This data comes from the U.S. Census Business Formation Statistics. The dataset tracks applications to the U.S. Internal Revenue Service for Employment Identification Numbers (EIN). EIN’s are the ID number that identifies a business for tax purposes.
Most of the 2020 applications (66%) came from what the U.S. Census calls “non-high propensity businesses”. These are applications from solo businesses who aren’t planning on having employees, such as freelancers, independent consultants and other types of independent workers. The remaining applications (34%) come from “high propensity businesses”, which is the term the Census uses for applicants planning on having traditional employees.
Professional Service Business Applications from Independent Workers Rising Sharply
Over the past 15 years, one of the fastest growing sectors of the economy has been professional services (see Defining Professional Services below), and the growth has been even more prevalent amongst independent workers in this space. Since 2005, the number of professional services applications from independent workers has almost tripled, growing from 140,365 in 2005 to 419,073 in 2020.
In 2020 professional services applications from independent workers increased by 21% as compared to 2019. Most of the 2020 increase came in the second half of the year and has continued into 2021, with professional services applications from independents increasing in January by 51% over January of 2020.
Survey results from the 2020 MBO Partners State of Independence study echo the rising business formation statistics. In 2020, 16% of Americans who are not independent workers or solo business owners said they definitely (10%) or probably (6%) will become independent over the next 2-3 years, a 23% increase over 2019 (13%). About a third (34%) said the COVID-19 pandemic made it more likely they would become independent.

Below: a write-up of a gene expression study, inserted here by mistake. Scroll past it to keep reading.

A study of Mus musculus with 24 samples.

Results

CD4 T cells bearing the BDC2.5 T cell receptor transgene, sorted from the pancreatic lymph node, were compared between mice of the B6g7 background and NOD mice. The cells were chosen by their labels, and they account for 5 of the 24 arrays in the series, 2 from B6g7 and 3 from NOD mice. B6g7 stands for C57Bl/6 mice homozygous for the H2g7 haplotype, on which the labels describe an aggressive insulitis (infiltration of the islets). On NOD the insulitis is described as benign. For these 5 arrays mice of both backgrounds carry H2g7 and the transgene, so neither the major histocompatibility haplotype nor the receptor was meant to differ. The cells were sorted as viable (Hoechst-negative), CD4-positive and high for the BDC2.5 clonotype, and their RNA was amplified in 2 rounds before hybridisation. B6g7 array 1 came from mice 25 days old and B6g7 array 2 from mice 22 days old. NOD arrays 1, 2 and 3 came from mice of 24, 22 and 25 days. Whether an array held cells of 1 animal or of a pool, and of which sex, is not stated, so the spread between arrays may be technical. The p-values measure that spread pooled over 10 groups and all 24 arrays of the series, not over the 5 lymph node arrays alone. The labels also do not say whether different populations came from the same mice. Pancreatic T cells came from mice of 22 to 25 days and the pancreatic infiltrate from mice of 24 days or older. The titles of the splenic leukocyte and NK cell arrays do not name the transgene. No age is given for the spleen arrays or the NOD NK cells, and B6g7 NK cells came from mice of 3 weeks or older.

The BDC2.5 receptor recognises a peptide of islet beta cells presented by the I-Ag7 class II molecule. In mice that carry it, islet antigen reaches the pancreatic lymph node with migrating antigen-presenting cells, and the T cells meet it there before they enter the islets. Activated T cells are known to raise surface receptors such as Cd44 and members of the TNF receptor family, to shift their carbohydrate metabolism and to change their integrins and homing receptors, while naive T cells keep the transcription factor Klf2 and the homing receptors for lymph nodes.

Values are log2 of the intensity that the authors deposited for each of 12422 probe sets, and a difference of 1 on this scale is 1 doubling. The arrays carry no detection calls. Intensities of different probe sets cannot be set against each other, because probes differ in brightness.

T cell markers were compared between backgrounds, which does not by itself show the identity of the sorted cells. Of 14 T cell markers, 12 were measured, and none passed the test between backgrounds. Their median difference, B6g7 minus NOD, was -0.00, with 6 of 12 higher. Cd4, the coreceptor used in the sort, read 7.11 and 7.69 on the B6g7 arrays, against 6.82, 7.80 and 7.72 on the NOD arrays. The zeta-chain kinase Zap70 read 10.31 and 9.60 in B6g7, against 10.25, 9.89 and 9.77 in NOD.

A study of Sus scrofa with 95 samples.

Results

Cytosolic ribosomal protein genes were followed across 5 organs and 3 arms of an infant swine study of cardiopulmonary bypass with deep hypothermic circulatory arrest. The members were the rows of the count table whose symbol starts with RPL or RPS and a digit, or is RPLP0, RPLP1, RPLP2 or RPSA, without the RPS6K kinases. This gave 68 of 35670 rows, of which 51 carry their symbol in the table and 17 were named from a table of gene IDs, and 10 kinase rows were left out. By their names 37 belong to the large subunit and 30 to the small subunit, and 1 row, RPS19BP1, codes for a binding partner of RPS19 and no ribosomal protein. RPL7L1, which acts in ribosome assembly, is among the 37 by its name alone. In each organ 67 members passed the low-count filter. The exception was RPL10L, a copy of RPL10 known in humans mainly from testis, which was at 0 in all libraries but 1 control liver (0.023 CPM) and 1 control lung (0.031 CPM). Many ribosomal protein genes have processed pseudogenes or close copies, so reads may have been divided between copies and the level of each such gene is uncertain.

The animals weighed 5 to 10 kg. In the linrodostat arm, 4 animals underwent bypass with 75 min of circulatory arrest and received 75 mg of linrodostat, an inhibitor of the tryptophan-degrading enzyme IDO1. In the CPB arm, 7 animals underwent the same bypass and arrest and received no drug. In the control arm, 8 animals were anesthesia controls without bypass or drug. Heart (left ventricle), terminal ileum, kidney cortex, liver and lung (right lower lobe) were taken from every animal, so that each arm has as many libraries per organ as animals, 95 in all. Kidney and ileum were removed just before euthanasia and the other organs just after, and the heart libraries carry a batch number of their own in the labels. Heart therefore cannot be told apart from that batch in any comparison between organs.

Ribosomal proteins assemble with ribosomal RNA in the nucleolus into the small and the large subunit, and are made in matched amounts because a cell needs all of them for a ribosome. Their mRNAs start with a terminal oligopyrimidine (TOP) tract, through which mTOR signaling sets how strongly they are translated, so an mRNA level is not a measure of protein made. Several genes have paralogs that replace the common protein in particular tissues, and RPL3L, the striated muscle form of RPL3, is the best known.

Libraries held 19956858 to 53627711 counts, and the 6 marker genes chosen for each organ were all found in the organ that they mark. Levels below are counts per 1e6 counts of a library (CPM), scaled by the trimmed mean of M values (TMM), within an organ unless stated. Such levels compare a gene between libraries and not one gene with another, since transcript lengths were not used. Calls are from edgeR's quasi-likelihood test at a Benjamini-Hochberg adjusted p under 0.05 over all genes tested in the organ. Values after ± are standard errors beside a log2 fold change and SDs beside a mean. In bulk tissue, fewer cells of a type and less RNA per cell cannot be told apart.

There are both short and long-term drivers of the surge of professional services business applications from independents. The pandemic-induced recession led to very high unemployment rates, which increased the number of people considering self-employment or starting a small business.
The pandemic also accelerated a series of pre-existing, long-term trends supporting the growth of independent workers who provide professional services. These include:
Technology has made it easier and cheaper to start and successfully operate as an independent worker. Digital technology improves customer connections and independent worker efficiency. The Internet, social media, and online marketplaces make it easier to find new customers, and distributed work tools have made working remotely—a staple for many independent professional service workers and a trend greatly accelerated by the pandemic—broadly adopted.
Workers increasingly want the lifestyle and the autonomy, control, and flexibility independent work provides. This is especially true for those providing professional services, many of which are in high demand due to the growing number of fields experiencing talent shortages.
Employers are increasing their use of independent workers to improve their business flexibility and agility. Hiring professional services independents also provides on-demand access to scarce talent that is often not readily available on traditional terms.
A growing support infrastructure of products, services, and programs makes it easier, cheaper, and less risky to become independent. The services offered by MBO Partners are one example, with other examples including low-cost, Internet-based tools and services for everything from billing and project management to sales and marketing.
Independents and solo businesses who provide professional services already played a prominent, widespread, and growing role in their various fields before the pandemic. We believe the recent surge in business applications is the beginning of two pandemic-accelerated trends: growing numbers of independent workers in professional services and their greater use by hiring organizations.